October is the month of transformation. It’s the period when seasonal blooms of red and gold become spectacular reminders that the present days grow shorter, darker and different. It’s the heralding of change that turns its back on the past and tugs at the sleeve of our future. But that past becomes part of our collective experience as we delve into the next phase of our unexpected lives.

With that change comes the precarious presence of life’s never-ending lottery. David Gresham, better known as “Pockets,” passed away last month, and it has left an indelible mark on all who knew him. Kind and generous to a fault, Gresham leaves a legacy of peace, love and a community bond not commonly felt between the different cultural groups of Asbury Park.

In his way, Gresham was an unknowing diplomat, a selfless troubadour who demonstrated that people can come together under the singular focus of music and celebrate the journey of life as a whole.

An avid fan of local original offerings, Gresham was best known for his rousing rendition of an ancient jailhouse poem called “Honky Tonk Bud.” Gresham would sit on the stage; head cocked and cane in hand, and dazzle the sold-out audiences with his jovial interpretation of the traditional poem. His fun-filled recollections would mix with the story and encourage hoots and hollers from the pony faithful. And though he had ceased performing that poem live the last few years, Pockets was never bashful about giving a curious individual a private performance.

David’s mother, Toby DaCosta, told me how David got his nickname “Pockets.” She says, “His older brothers were always putting treats in their pockets for him to find. They would get home and he would come running to play the game of searching through jackets to find out the goodies they would bring him. After that became the norm, my mother started calling him ‘Pockets,’ and the name just stuck all these years.”

Like all of us, David had his ups and downs; he had major health issues and did the best he could. Sometimes that led to frustrations. You either got along with the guy or you didn’t. As Toby fondly remembers, “Not everything is cut-and-dried. He was a good man, the people that liked him, loved him, and the people that didn’t like him, really didn’t like him at all.”

But in reality, I never saw that other side. Throughout his bouts with everyday living and medical tribulations, which included total hip replacement, Gresham was always kind toward his many friends, and we never heard him utter a bad word about anyone at any time.

Gresham logged several years as a Stone Pony employee. He first came to the Asbury institution after a move from Long Branch back in the last decade where he worked at an area pizza parlor. He took to the local music scene like a fish takes to water, making quick friends and getting involved in everything from jam-based shows to benefits and food drives. He would often sacrifice his needs to make sure a complete stranger had food and shelter. Many local performers knew Pockets on a personal level and treated him with brotherly kindness.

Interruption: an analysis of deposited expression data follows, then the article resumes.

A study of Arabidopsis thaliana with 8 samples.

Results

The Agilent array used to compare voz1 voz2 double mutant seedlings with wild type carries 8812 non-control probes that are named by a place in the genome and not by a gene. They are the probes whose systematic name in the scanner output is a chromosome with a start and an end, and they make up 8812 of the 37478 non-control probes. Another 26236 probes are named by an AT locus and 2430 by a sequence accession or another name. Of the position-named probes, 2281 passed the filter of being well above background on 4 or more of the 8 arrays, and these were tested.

His favorite group was Karmic Juggernaut, and he went to just about every one of their shows. The band spoke about David on Gresham’s Facebook support page. “Words cannot express the sadness of the loss of our friend, brother, and original Karmic Juggernaut fan, Pockets. Since our very first show (when we were just wee tadpoles), he has been a major inspiration and guided force in all of our lives. There never has been, nor will there be, another person such as David and we were truly honored to be able to call him our friend for the last decade.”

Pockets’ niece, Giovanna DaCosta, told me, “When I saw all the posts on Facebook from all the people that loved him so much, it was just extremely heart-warming. It just helped me know that all that night after he passed away during all that rain that came I knew that he was getting his heavenly wings. It poured all into the next day, and I knew that he was up there laughing and talking to god about the book of life and I know he’s in a good place now. Every time I think about him, I still see his beautiful smile. I can still hear him laughing, and I see his shoulders going up because he’s about to tell me something funny.”

David was remembered at The Stone Pony on Oct. 26 with a profound showing of friends and family gathered to celebrate the life of yet another Asbury original. Spearheaded by Stone Pony engineer John DiCapua, the night featured performers such as Rick Barry, Karmic Juggernaut, Outside The Box, James Dalton, Colie Brice (who came all the way from Maine), Colton Kayser and Last Perfect Thing. Each band took to the famed stage to pay tribute to their long-time friend. The night was more about fond memory than the sadness of loss and I’m sure that Pockets would have been tickled to know so many loved him. As each band stepped up to give performance and remembered thought, the outpouring of empathy was overwhelming. It was truly amazing to see the impact this Asbury original had left on both the musical community and the town at large.

Giovanna summed it up as she said, “I’m sitting here, and I don’t know if you can hear me smiling, but my eyes are closed and I can see him as if he were standing in front of me. And I can hear him telling his jokes, I can hear him cracking on people and talking about his love of sci-fi movies. Shuffling and doing his thing. He was a very non-complicated type of guy. He was an old hippie but so very young at heart. He loved music and taught himself how to play the piano. He was a brilliant man, but it was all about peace, love and happiness within the community.”

David Gresham was born on Feb. 26, 1946, in Long Branch, New Jersey, and was 68 at the time of his passing. He is survived by two brothers, as well as his mother and various nieces and nephews.